2022 AWP Conference Announcement!
In March 2022, Philadelphia Stories will be a premiere sponsor of The Association of Writing Programs (AWP) Conference, taking place in Philadelphia. Here’s what that means for local writers.
Shelly’s fiancé. Dirk. What kind of name is that? Stanley’s hand twitches.
Something a Ghost Told Me at Dachau
I’m not the type to fall under the spell of a false religion. The lesson has been on the books for ages.
I’ve never been less than an hour early for my train. I don’t know if it comes from a sense of heightened preparedness or an ongoing current of anxiety that doesn’t even let me sleep in on weekends.
In the near-dark morning, unhook the moon and pin it in its dark and velvet box.
Should I just leave you in this frozen night since you’re no help?
In a hospital room I stand next to your son, watching you drift in and out of consciousness.
We used to sit together every day, the dusty bus, those long dirt roads.
What Our Fathers Didn’t Tell Us About the War
that they were young, but the enemy soldiers were younger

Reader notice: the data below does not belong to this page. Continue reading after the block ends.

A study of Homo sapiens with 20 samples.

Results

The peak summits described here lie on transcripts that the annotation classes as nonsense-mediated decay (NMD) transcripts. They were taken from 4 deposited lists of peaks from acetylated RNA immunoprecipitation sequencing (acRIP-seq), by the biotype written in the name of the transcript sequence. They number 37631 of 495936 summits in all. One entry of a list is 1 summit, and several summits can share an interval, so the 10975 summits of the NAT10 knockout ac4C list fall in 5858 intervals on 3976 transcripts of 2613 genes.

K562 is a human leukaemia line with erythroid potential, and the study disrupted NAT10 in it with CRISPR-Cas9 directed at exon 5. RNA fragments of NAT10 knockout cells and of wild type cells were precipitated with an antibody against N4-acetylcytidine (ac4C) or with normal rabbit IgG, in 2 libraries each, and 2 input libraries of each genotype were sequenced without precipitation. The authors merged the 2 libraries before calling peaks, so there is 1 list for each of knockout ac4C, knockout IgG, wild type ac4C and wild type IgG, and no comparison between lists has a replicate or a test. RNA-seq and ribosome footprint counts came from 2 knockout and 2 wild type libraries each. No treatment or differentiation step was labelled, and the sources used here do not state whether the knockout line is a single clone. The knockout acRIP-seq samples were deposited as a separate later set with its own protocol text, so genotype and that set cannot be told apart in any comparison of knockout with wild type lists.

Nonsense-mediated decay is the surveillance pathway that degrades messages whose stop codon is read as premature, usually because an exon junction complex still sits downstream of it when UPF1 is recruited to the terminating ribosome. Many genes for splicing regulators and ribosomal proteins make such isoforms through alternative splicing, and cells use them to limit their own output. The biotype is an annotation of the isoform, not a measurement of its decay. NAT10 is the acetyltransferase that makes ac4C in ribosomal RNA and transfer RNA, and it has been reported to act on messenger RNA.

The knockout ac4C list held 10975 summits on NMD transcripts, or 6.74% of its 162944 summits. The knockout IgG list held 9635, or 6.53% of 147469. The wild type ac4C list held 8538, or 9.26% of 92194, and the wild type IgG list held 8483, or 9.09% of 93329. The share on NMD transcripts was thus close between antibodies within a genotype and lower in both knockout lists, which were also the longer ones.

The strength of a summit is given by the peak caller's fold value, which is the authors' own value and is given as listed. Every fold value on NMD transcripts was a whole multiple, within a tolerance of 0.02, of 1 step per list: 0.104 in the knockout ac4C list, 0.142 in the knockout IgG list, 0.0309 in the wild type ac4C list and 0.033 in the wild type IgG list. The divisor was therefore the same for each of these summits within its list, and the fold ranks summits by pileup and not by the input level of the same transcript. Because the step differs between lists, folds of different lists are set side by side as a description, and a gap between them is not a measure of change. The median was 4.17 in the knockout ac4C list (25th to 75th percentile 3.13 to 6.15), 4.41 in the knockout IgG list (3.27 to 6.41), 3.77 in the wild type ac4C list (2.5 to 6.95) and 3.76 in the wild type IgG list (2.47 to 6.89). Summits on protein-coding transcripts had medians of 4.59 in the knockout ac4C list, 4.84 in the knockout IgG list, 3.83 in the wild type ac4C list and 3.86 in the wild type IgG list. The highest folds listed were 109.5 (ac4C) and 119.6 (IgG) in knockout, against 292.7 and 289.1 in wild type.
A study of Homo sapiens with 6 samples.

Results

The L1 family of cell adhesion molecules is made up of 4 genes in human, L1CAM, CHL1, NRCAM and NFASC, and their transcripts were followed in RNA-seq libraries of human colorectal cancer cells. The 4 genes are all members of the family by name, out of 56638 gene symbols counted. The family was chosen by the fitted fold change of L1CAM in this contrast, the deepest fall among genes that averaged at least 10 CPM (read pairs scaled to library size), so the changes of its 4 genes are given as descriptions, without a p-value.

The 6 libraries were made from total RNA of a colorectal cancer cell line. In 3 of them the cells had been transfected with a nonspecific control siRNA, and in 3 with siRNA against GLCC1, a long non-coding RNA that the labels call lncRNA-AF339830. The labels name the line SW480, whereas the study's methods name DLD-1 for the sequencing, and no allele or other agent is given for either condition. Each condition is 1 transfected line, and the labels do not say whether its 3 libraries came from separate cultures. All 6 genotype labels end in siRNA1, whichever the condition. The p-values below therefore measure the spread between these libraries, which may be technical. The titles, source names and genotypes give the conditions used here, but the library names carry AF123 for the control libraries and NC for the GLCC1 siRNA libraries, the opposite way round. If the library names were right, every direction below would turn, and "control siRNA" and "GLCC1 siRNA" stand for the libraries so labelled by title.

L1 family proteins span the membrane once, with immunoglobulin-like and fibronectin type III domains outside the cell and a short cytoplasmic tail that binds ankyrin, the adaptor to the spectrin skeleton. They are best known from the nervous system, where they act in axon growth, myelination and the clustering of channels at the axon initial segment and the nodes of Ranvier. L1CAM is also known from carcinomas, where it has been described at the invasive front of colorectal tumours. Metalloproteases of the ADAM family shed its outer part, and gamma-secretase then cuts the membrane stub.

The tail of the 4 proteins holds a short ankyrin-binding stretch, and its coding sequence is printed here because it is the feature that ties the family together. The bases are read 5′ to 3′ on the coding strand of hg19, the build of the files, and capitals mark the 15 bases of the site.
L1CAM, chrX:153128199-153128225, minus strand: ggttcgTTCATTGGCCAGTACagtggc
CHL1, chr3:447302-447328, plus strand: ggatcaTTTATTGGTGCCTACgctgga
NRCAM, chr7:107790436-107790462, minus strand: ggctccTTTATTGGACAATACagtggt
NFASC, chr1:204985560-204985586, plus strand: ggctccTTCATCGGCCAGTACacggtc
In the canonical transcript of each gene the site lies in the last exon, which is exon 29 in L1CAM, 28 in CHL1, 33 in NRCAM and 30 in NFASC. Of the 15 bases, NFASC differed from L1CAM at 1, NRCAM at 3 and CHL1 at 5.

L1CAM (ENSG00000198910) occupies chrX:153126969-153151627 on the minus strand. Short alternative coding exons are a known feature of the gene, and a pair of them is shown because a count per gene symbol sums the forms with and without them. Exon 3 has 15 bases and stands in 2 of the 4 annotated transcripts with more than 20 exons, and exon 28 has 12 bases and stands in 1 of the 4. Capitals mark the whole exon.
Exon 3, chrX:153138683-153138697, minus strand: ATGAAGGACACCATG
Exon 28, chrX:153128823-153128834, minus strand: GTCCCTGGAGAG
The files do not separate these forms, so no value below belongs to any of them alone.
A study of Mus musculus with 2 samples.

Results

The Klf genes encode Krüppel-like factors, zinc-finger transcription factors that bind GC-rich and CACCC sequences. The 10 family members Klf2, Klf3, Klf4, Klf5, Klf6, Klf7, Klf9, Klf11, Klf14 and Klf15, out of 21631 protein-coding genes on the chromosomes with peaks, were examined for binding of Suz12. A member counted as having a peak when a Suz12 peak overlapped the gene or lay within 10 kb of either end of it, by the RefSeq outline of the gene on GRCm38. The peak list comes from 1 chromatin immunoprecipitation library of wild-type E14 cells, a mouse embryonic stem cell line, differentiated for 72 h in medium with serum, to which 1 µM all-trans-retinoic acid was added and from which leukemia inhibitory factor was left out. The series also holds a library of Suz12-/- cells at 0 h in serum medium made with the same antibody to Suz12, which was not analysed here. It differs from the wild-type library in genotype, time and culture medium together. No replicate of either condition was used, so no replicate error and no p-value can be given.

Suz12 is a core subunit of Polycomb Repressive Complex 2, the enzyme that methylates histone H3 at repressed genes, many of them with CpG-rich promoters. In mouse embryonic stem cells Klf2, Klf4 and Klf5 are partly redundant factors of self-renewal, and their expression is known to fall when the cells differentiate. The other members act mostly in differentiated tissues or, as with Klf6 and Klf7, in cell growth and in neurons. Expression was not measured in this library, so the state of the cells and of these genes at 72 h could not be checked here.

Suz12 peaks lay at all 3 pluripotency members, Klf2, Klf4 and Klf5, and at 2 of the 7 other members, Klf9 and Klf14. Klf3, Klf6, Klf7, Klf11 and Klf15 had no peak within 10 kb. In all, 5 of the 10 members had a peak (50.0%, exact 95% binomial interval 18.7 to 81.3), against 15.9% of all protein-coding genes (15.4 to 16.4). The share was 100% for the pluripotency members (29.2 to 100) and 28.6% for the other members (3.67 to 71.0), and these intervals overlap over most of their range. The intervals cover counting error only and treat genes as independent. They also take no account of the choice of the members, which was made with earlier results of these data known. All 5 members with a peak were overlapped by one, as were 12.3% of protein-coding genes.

The color absence is yellow and blood red
From here I promise you will see it all —
The car alarm jabs the neighbors awake
I am trying to make sense of things, which is why I find myself ruminating.
Review: Adam Falkner, “The Willies”
Throughout Adam Falkner’s The Willies, the poet seems to be looking for ways to lighten the heft of the weighty topics on shuffle through this collection.
Review: A.E. Hines, “Any Dumb Animal”
In reading A.E. Hines 2021 collection Any Dumb Animal, the reader becomes confidante, sharing the grief and rage of these poems and caring that the poet finds his way to the end of the book vindicated, or at least some sort of peace.
Review: Hayden Saunier, “A Cartography of Home”
Hayden Saunier’s A Cartography of Home (published in February by Terrapin Books) is another breathtaking example of what this poet does best: crafting sensuous language, weaving together word play and close observation.
Review: Darla Himeles, “Cleave: Poems”
The cover of Cleave, Darla Himeles’s first full-length poetry collection, features a painting of two hands tentatively cradling an empty bird’s nest.